A diploma—now what?

Bennie Foster Jr., Rashida Davis, Des Potier, Hal Wilkerson and Lakeside guidance counselor Adrian Israel hosted Summer Transition Centers at Lakeside High June 6, 13 and 20. Photo by R. Scott Belzer

DeKalb high schools offer transitional training throughout June

Each year, some high school students have unanswered questions about continuing their education or starting a career after graduation.

How can I pay for college? Where can I learn a trade? Are my grades good enough? What are my options?—these are just some of the questions that recent high school graduates may have.

Beginning June 6, professionals at 19 DeKalb County School District (DCSD) high schools will address such questions at Summer Transition Centers. The centers specialize in helping students who want to take the next step into the armed forces, college or entrepreneurship.

“Necessity is the mother of invention,” said Bennie Foster Jr., a postsecondary transition specialist for DCSD in Region 2. “We have a need and this is [the county’s] pilot program.

It’s not just about getting students into a postsecondary situation, it’s about making sure they are successful in that option they choose, whether it’s Army, Navy, Air Force, Marines, local college or out of state. We want them to be successful.”

According to Foster, DCSD is combating what many education professionals refer to as “summer melt,” in which 10 to 40 percent of college-intending students—particularly from low-income backgrounds—fail to enroll in college within six months after graduation.

Factors such as financial aid, being a first-generation college student, missed deadlines and language barriers often affect students’ ability to make a smooth transition into the next phase of their lives—even when they have every intention of making a transition, Foster said.

“It’s usually for small reasons,” said Foster. “Sometimes it’s students who feel like they missed out. We have tried to cover everything: placement tests, financial aid, documented and undocumented students—we have people on hand to answer any question. With the criteria that we’re putting out, hopefully students will come here knowing we have a solution and that we can provide a solution to them.”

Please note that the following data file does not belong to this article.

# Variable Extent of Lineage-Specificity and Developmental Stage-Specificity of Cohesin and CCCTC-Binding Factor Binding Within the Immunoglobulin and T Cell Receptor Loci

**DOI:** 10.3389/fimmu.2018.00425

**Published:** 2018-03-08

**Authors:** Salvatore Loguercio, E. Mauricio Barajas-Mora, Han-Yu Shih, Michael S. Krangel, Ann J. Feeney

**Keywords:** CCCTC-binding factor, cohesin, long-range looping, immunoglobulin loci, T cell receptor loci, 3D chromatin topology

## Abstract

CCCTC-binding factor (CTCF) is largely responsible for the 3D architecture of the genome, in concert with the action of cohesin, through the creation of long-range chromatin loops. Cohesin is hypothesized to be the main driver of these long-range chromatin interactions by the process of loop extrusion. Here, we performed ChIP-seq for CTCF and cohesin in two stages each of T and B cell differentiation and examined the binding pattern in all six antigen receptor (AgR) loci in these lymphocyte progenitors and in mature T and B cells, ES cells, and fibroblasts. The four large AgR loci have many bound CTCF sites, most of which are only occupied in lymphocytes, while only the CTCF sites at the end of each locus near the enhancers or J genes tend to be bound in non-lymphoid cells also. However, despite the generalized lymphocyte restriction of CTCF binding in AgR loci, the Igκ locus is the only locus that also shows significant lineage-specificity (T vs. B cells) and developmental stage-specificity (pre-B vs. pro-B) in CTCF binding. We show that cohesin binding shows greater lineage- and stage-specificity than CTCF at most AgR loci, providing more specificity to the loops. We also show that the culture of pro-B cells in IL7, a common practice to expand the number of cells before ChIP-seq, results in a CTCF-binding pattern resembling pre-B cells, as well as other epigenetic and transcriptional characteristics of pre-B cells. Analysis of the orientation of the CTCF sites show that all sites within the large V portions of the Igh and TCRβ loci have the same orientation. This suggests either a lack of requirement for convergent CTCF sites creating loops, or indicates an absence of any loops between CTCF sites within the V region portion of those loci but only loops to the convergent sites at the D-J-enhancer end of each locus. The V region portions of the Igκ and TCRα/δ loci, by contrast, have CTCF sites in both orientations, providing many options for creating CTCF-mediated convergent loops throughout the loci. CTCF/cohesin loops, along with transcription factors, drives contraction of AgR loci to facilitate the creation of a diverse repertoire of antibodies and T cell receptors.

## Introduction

Des Potier, director of Georgia State University’s Learning, Income, Family Transformation (LIFT) program, as well as Hal Wilkerson of the Georgia Student Finance Commission are available at Lakeside High School throughout the month of June.

 

Bennie Foster Jr., a postsecondary transition specialist for DCSD in Region 2 said students need help and guidance to successfully transition from high school to the world at large. Photo by R. Scott Belzer

Bennie Foster Jr., a postsecondary transition specialist for DCSD in Region 2 said students need help and guidance to successfully transition from high school to the world at large. Photo by R. Scott Belzer

Potier is on site to educate parents and students about Georgia State’s Decatur campus, which offers two-year programs to students and up to 60 college credit hours. He said Georgia State can offer such incentives as its Perimeter Academy program, which supports and monitors student progress for a full year.

“My goal is to let students know Georgia State’s perimeter campuses are a good option,” Potier said. “You can start out by getting your associate’s and go all the way to obtaining a Ph.D. We’re cost effective. This is a great gateway.”

Wilkerson said his main goal at the Summer Transition Center is to educate students and families about opportunities after high school, as well as how to plan, apply and pay for education opportunities.

“Hopefully, by the time students are done interacting with me, they have more knowledge on how to pay for their education,” Wilkerson said. “We can teach you how to apply for HOPE, how to fill out a FAFSA—we want to remove those barriers.”

Potier said a challenge that many students face deals with momentum. Students are often burnt out or so glad to be finished with high school that options after high school are rarely considered.

Army Staff Sgt. Rashida Davis also will be at Lakeside throughout June to tell students about options available in the Army. She said students are often curious about completing a tour in the Army for free college tuition, but that the Army also offers other opportunities.

“A lot of students like to travel, get out of the area and make a way for themselves,” Davis said. “We offer stability, 30-days paid vacation, full medical, dental and pay tuition assistance. We teach trade skills. We have over 150 career opportunities in the Army and we’re investing in them upfront.”

Davis recommends students consider the armed forces a first option rather than a last.

Upcoming Summer Transition Centers will be available at the following schools during the following dates:

Thursday, June 15: Cross Keys (noon to 4 p.m.), Tucker (noon to 4 p.m.), Stephenson (8 a.m. to noon), Arabia Mountain (2 to 6 p.m.), Southwest DeKalb (1 to 5 p.m.), Towers (8 a.m. to noon), Columbia (1 to 5 p.m.)

Tuesday, June 20: Cross Keys (8 a.m. to Noon), Lakeside (8 a.m. to noon), Stone Mountain (11 a.m. to 3 p.m.), Martin Luther King Jr. (8:30 a.m. to 12:30 p.m.), Miller Grove (9 a.m. to 1 p.m.), Redan (1 to 5 p.m.), Cedar Grove (8 a.m. to noon).

Wednesday, June 21: Cross Keys (Noon to 4 p.m.), Druid Hills (10 a.m. to 2 p.m.), Stone Mountain (1 to 5 p.m.), Martin Luther King Jr. (8:30 a.m. to 12:30 p.m.), Southwest DeKalb (9 a.m. to 1 p.m.), Redan (11 a.m. to 3 p.m.), Columbia (8 a.m. to noon).

Thursday, June 22: Cross Keys (noon to 4 p.m.), Tucker (noon to 4 p.m.), Stone Mountain (8 a.m. to noon), Martin Luther King Jr. (2 to 6 p.m.), Miller Grove (1 to 5 p.m.), Redan (8 a.m. to noon), Cedar Grove (1. to 4 p.m.).